Each week on #HallOfFameThursday, Horse Network recognizes members of the Show Jumping Hall of Fame with an inductee’s plaque, historical photos and, on the first Thursday of every month, an article written by a Show Jumping Hall of Famer. This week, we recognize Gabor Foltenyi, Show Jumping Hall of Fame class of 2011.

Gabor Nicholas Foltenyi, born in Hungary in 1922, received his first horse at age 10.

After attending Military High School, he graduated as an officer in 1943. He served in the Cavalry and received awards for bravery as well as the Order of Valor.

In 1948 Gabor, a candidate for the Hungarian National Equestrian Team, left Hungary for political reasons. After two years in Germany he came to the United States where he began working on the racetrack with Rex Elsworth. He then rode with Mrs. E. Bailey’s “Pabst Blue Ribbon” Stables in Purchase, NY, landing his first U.S. victory on Master Pabst at the Devon Horse Show.

Gabor spent the next two years at the Merkels’ WHY Stables of Brookville, NY. Believing that “Sugar Beats Vinegar,” he used Hungarian training methods that attracted wide attention. Always beginning with dressage, he allowed a horse to build his muscles and control before jumping. Gabor believed, “You get more from a horse by winning his confidence and allowing him to enjoy the sport and then keeping him, at all times, under gentle but complete control.”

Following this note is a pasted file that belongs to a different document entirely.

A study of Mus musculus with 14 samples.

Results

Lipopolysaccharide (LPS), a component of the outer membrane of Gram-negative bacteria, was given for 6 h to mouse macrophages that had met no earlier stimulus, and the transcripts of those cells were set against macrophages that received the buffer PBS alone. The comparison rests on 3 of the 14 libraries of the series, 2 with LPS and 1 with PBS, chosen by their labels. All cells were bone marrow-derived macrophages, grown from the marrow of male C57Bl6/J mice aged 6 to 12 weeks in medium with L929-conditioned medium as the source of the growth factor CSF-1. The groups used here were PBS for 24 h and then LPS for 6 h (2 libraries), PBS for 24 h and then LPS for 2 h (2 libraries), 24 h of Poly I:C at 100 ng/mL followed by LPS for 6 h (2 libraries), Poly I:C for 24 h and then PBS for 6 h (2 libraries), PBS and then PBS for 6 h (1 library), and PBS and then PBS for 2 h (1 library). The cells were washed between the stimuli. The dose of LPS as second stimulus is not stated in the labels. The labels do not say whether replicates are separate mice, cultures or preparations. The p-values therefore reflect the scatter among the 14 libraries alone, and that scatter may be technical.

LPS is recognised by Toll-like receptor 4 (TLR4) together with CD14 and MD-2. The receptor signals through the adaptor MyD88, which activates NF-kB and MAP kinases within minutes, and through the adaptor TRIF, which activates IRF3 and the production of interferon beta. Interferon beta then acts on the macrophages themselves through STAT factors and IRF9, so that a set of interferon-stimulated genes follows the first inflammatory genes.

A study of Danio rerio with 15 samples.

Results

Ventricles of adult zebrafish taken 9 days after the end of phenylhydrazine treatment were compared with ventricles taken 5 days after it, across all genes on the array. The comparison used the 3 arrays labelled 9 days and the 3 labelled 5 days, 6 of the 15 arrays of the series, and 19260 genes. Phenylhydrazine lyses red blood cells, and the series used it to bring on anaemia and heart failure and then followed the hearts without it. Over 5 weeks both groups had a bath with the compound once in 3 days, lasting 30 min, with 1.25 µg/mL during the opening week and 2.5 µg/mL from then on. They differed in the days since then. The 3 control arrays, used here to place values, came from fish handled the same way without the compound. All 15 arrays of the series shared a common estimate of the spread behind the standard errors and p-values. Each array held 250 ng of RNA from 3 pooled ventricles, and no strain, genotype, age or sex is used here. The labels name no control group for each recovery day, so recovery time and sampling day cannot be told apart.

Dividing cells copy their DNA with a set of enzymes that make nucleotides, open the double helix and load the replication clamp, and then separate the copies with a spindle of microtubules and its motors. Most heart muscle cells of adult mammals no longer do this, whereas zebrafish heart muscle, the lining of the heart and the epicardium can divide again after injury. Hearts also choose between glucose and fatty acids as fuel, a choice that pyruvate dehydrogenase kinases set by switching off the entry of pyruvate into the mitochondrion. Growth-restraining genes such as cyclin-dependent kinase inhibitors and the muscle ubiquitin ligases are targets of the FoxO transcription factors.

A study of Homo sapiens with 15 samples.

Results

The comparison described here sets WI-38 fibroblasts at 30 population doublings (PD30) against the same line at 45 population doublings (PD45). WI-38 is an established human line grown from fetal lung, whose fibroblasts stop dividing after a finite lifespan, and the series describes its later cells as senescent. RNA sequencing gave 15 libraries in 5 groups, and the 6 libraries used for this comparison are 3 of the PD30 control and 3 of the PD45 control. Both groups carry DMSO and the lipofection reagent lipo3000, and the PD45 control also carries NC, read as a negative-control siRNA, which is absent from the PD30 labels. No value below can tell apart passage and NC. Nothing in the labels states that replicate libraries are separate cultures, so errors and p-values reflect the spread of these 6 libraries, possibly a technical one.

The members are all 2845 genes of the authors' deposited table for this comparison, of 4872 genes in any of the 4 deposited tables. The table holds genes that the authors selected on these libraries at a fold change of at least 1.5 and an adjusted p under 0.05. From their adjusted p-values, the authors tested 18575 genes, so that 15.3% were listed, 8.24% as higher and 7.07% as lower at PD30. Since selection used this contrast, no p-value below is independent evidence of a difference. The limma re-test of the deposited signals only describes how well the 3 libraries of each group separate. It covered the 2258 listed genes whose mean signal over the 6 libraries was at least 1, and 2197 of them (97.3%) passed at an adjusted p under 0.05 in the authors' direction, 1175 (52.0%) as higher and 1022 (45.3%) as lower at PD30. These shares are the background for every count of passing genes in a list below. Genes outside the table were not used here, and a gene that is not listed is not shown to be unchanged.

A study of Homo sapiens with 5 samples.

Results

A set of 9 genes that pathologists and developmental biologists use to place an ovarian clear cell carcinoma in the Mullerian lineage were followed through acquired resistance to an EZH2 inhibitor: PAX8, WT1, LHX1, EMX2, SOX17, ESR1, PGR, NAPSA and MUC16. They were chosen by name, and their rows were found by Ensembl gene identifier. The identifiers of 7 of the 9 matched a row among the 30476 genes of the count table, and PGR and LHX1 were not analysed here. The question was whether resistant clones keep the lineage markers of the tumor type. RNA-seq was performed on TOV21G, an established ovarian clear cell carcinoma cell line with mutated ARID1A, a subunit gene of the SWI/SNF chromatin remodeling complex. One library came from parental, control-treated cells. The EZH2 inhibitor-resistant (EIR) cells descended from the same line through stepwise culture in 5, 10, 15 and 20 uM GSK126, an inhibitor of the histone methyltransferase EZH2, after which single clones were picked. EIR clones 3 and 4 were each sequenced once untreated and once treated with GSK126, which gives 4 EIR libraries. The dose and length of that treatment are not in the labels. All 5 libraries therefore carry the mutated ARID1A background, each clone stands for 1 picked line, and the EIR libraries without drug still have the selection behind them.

Gabor was an “J” AHSA/USDF Dressage Judge, assisting the advancement of many horses and riders through the levels. Correct bio-mechanical dressage fundamentals were imperative to him.

In 1953 he reunited with his dear friend Bertlan de Nemethy, who would go on to have a legendary career as coach of the U.S. Equestrian Team. Together they rode and trained horses for Hall of Fame owner Eleo Sears. In 1955, after much success, Gabor moved to Michigan where he started Oakland Hills Farm. Reno, Sidonia, Lola, Diamant, Marola, Desiree, Kieves Confederate and Ksar d’Esprit are just some of the horses he trained and rode. Many horses he trained went on to represent the USET and in 1976 he coached the Japanese Team for the Montreal Olympic Games.

In 2010 Gabor was honored by the Hungarian Horseman’s Sport Association for his work “to strengthen the professional culture of riding in the life or international sports, sports organizations, and universal sport organizations.”